Mangroves help fight climate change but they’re at serious risk from its effects. That’s one of the findings from a study of a massive mangrove dieback that occurred in late 2015.
Local fishermen reported mangroves were dying along hundreds of kilometres along the Gulf of Carpentaria coastline, an area known for its barramundi fishing and high value commercial fisheries.
This caught the attention of Dr Damien Maher of Southern Cross University, who is interested in the chemistry of mangroves—how they store carbon in their soils, remove planet-warming nitrous oxides from the atmosphere, and neutralise ocean acidification by releasing alkaline chemicals into nearby waters.
Damien and his colleagues studied the dead zones, as well as adjacent areas that survived.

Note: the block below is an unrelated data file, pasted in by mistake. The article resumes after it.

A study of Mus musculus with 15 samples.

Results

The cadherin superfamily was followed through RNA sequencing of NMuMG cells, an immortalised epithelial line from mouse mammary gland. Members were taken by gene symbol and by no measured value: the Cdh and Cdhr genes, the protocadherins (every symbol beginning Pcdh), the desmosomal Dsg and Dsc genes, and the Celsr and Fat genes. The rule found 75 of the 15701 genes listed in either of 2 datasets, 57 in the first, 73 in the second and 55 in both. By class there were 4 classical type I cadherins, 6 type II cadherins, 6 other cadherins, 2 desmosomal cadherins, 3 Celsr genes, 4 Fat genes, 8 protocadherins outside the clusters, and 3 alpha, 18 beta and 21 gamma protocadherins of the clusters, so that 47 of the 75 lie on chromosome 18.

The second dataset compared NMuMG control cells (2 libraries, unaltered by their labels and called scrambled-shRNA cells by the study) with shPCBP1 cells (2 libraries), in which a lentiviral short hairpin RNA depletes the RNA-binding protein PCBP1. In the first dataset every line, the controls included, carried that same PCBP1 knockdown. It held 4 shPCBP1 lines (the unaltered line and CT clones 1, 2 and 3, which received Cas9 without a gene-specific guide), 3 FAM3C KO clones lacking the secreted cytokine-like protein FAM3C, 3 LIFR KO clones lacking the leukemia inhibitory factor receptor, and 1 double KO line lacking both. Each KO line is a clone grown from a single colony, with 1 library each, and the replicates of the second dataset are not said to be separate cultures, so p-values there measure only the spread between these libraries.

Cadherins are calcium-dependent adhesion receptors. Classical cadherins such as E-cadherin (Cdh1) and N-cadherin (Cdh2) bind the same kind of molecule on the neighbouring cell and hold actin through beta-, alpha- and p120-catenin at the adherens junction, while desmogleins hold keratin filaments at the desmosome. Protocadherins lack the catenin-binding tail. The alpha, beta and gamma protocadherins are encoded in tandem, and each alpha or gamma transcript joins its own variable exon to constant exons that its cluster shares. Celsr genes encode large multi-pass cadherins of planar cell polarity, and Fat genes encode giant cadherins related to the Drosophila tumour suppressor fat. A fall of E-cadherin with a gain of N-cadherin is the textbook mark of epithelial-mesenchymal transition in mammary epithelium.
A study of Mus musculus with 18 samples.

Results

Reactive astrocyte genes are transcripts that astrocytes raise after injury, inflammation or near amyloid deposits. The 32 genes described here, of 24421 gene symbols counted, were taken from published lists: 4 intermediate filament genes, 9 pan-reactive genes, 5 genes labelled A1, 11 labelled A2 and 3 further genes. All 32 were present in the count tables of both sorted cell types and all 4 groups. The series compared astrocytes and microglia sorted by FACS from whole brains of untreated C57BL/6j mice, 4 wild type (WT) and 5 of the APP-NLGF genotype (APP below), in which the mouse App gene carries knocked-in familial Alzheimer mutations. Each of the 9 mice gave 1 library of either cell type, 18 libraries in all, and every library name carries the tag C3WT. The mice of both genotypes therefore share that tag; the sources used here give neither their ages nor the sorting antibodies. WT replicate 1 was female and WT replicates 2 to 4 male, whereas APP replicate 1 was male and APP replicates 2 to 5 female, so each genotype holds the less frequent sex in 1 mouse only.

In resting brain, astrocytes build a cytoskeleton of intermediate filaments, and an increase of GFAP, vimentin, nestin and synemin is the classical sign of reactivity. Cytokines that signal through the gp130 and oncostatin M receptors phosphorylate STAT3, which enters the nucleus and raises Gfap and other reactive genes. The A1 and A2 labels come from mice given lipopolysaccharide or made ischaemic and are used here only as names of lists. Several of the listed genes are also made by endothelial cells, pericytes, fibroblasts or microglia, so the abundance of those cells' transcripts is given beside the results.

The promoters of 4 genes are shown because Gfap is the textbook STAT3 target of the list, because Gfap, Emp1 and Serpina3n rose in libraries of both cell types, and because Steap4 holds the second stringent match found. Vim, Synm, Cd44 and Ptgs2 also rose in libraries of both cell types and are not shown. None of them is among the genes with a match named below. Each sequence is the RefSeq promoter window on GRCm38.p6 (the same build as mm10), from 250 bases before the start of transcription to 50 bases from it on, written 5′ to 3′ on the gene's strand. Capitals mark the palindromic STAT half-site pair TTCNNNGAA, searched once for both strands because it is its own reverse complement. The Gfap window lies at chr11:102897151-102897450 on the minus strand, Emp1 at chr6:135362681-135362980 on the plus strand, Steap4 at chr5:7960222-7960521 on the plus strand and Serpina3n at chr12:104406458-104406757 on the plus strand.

“The dead areas were emitting carbon dioxide to the atmosphere straight from the soils. The carbon cycle had shut down because the trees weren’t locking up carbon anymore.”
And the dead areas were no longer exporting alkalinity, a loss of the buffering benefits for marine life nearby that are vulnerable to ocean acidification, such as coral and shellfish.
Damien says this event is a warning of how increasing climate-linked stressors might affect these important ecosystems in coastal zones world-wide.
“Mangroves are valuable habitat that supports fisheries, and provide a natural defence against storm damage during tropical cyclones,” Damien says.
“We think a perfect storm of factors led to this dieback: monsoon seasons with very low rainfall, record high temperatures, and a strong El Niño event with lower sea levels, which prevented toxicity being flushed from soils.”